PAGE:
The Kindle is looking almost lost now among the flurry of new e-book reading devices just released or due soon. So many are out, in fact, that 2010 is really the year of the e-reader. But only 2010. Because e-readers are doomed.
The Business-Centric Plastic Logic Que
Plastic Logic's Que e-reader has been long anticipated thanks to its clever flexible screen (the "plastic logic" bit) and elegant design in a market that's often the venue for some very ugly gizmos. When it launched last week it delivered on both those fronts, and surprised on a totally new one: The e-reader device is due soon, but it's been re-directed so it's going to appeal almost exclusively for business users.
Rich ones, that is. It costs $800. The idea has some merit since the Que can act as a powerful business tool that draws together lots of live data like email, stored data like business document or project archives, and it'll even let you edit the content to a limited extent. Hard to say how well it'll sell though—though it's undeniably neat, it's high price almost makes it a curio that'll only have a tiny market. Many professionals would probably spend a little more, and get a new thin-and-light fully functional laptop.
The Magazine-friendly Skiff
The Skiff has the benefit of being almost as cleanly designed as the Que, and it's also astonishingly thin—making the Kindle seem a real low-tech porker in comparison. When it debuted at CES lots of attention was thus devoted to its design and the gorgeousness of its vast high-res 11-inch screen.
But the Skiff's real secret is its software that makes it an almost ideal e-reader for magazine or newsprint content. It's capable of rendering faithful grayscale versions of printed content in such high resolution it's almost like a photocopy, and its clever dynamic advertising engine could transform the way ad placements are embedded into publications. Fiscal backing by Hearst is behind all this, of course, and if anyone has the energy to push the technology forward in this direction, that's the company to try.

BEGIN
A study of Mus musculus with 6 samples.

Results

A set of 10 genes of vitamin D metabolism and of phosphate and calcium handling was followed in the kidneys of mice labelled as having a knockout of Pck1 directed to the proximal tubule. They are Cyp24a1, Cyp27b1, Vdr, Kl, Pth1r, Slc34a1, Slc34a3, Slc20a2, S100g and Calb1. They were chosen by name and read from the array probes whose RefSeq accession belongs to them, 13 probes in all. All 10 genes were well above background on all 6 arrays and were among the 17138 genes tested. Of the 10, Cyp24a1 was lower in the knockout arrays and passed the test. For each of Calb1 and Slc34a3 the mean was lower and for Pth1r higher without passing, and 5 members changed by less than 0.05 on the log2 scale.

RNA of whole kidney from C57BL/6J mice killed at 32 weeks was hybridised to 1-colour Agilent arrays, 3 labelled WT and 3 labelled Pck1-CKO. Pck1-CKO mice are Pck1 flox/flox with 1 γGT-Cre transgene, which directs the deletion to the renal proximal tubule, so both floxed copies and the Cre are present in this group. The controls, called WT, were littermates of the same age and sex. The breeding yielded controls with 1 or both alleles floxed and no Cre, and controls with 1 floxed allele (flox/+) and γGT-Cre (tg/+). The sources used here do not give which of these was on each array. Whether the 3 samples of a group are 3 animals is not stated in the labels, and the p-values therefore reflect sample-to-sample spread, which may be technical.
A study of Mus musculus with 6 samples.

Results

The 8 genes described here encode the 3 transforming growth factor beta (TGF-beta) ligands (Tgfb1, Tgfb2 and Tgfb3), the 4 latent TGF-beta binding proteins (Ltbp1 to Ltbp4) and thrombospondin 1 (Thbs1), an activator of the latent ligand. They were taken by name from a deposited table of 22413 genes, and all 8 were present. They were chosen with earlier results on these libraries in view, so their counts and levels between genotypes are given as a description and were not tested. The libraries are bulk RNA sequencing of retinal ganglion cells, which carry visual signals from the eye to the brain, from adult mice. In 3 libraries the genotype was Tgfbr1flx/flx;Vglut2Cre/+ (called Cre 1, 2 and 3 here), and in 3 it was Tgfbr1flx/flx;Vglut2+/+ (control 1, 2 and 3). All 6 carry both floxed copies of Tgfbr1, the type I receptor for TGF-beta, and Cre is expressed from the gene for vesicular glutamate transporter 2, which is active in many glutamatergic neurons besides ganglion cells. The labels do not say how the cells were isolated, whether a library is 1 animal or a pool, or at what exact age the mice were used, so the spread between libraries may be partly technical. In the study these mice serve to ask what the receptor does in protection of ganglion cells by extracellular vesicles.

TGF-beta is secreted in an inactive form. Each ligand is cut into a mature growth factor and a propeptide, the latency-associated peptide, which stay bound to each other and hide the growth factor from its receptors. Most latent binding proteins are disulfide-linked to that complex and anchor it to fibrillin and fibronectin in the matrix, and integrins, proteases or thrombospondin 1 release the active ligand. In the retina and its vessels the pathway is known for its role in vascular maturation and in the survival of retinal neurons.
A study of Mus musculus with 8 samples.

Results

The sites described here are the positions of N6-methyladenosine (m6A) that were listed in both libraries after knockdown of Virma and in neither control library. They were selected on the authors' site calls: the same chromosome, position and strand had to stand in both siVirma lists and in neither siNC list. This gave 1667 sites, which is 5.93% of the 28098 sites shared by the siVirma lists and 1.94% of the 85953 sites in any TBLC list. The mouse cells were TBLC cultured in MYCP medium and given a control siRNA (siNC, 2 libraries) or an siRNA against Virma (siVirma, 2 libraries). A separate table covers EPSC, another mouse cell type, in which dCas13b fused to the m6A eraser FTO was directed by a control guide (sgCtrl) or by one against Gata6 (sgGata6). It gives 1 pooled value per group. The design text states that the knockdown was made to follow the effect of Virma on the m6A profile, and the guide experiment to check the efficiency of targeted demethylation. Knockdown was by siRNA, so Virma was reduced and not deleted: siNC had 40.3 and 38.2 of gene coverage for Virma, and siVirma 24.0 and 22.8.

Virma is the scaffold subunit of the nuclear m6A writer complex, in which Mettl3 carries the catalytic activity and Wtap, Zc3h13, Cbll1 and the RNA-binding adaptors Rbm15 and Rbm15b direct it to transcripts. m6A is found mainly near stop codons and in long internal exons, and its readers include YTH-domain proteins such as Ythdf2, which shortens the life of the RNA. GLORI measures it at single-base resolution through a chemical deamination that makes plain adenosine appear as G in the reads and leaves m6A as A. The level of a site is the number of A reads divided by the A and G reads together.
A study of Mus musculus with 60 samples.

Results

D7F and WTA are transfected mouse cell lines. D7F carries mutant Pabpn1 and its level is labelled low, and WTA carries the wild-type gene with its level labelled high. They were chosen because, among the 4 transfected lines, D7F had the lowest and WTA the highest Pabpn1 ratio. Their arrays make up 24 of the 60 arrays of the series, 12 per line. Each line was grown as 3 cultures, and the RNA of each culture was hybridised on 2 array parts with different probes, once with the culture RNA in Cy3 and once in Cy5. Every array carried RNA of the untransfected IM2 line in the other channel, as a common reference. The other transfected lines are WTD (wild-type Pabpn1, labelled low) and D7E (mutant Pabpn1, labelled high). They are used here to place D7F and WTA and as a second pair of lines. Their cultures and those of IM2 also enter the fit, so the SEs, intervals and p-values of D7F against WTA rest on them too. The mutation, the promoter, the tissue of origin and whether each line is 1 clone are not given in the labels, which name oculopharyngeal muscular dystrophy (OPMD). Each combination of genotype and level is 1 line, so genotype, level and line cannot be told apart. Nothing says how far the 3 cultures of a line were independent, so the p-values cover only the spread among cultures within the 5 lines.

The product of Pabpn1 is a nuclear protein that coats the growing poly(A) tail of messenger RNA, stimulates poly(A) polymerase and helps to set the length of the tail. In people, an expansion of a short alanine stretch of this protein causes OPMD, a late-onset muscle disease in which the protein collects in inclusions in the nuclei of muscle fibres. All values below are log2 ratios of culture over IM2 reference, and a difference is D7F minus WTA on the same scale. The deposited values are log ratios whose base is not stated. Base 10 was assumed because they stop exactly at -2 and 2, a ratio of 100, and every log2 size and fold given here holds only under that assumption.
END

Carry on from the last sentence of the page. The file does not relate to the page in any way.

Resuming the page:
The Twin Screen Spring Design Alex
Controversy is chasing the tail of the Spring Design Alex, but it's undeniably a damn clever machine—part android smartphone (without the phone part) and part e-reader. That combination of color LCD and larger e-ink screen makes the Alex a long battery-life multipurpose device.
This gives it big potential to be a disruptive influence in the e-reader biz: It can run Android apps where its design-clone Nook rival cant, and it can act as a plain e-reader that also lets you listen to MP3s (via a sweet interface that makes Amazon's look stone aged). The new deal with Borders is definitely going to make the device one that the public gets to see the most.
The Split-Personality Entourage eDGe
This is the oddest e-reader to be shown at CES, though we've heard of it on and off since last year. It's a book-format dual screen device, with one e-reading e-ink screen and one LCD screen for a touchscreen netbook—earning it the label "Dualbook" from Entourage. At CES we learned it's due to ship in February and it'll cost around $500, which places it at the upper end of the e-reader price market, and the netbook market too, though it'll have the benefits of a bit of both machine.
But this split personality might be the eDGe's downfall: It results in an ugly device that has two different-sized screens and an uncertain product category—is it an e-reader, or a computer? Will users want this sort of half-and-half solution, and no particular big-name publisher backing?
The Amazon Kindle: What next?
Amazon just updated the Kindle DX into an international edition (continuing its badly cocked-up efforts at a global product) but though that's the only sign of a change in the Kindle lineup for ages, you can be sure a new Kindle's on the way. When? Nobody knows. What new tech will it have in it? Nobody knows.
What is for certain is that Amazon really needs to step up to the mark with the next Kindle—the e-reader marketplace is no longer empty, and there's plenty of hot competition. The Kindle's design and functionality needs to drastically improve, and Amazon needs to look at open book formats. Else the Kindle will lose its coveted top spot really fast.
Why All These Gizmos All Doomed
With all these new e-readers on the market, calling 2010 the year of the e-reader makes perfect sense. It's an event that's been long foretold—though we won't be seeing the demise of the physical book anytime soon.
But I'm going to argue that 2010 is the first and last year of the e-reader. Because they'll look awkward and clunky in 2011, and though they'll survive as a tech genre it'll be as useful if niche products. You see 2010 is also the year of the Tablet PC. Or Slate PC or whatever you want to call it—a device that has much of the same form-factor as an e-reader, and which can do all the same clever e-book reading. And an infinite amount more.
And before you go harping on about long battery life and the benefits of e-ink for reading, then slates (if they take tech cues from netbooks, which they will) will have battery life that's just about long enough, and screens that are good enough for reading from—even before considering pixelQI tech. And that's going to seal the deal for millions of consumers. E-books, movies, full Web surfing, emailing, Skype phoning, gaming—all on a slate, with the benefits of multitouch screen and motion-sensing controls. Why buy two devices?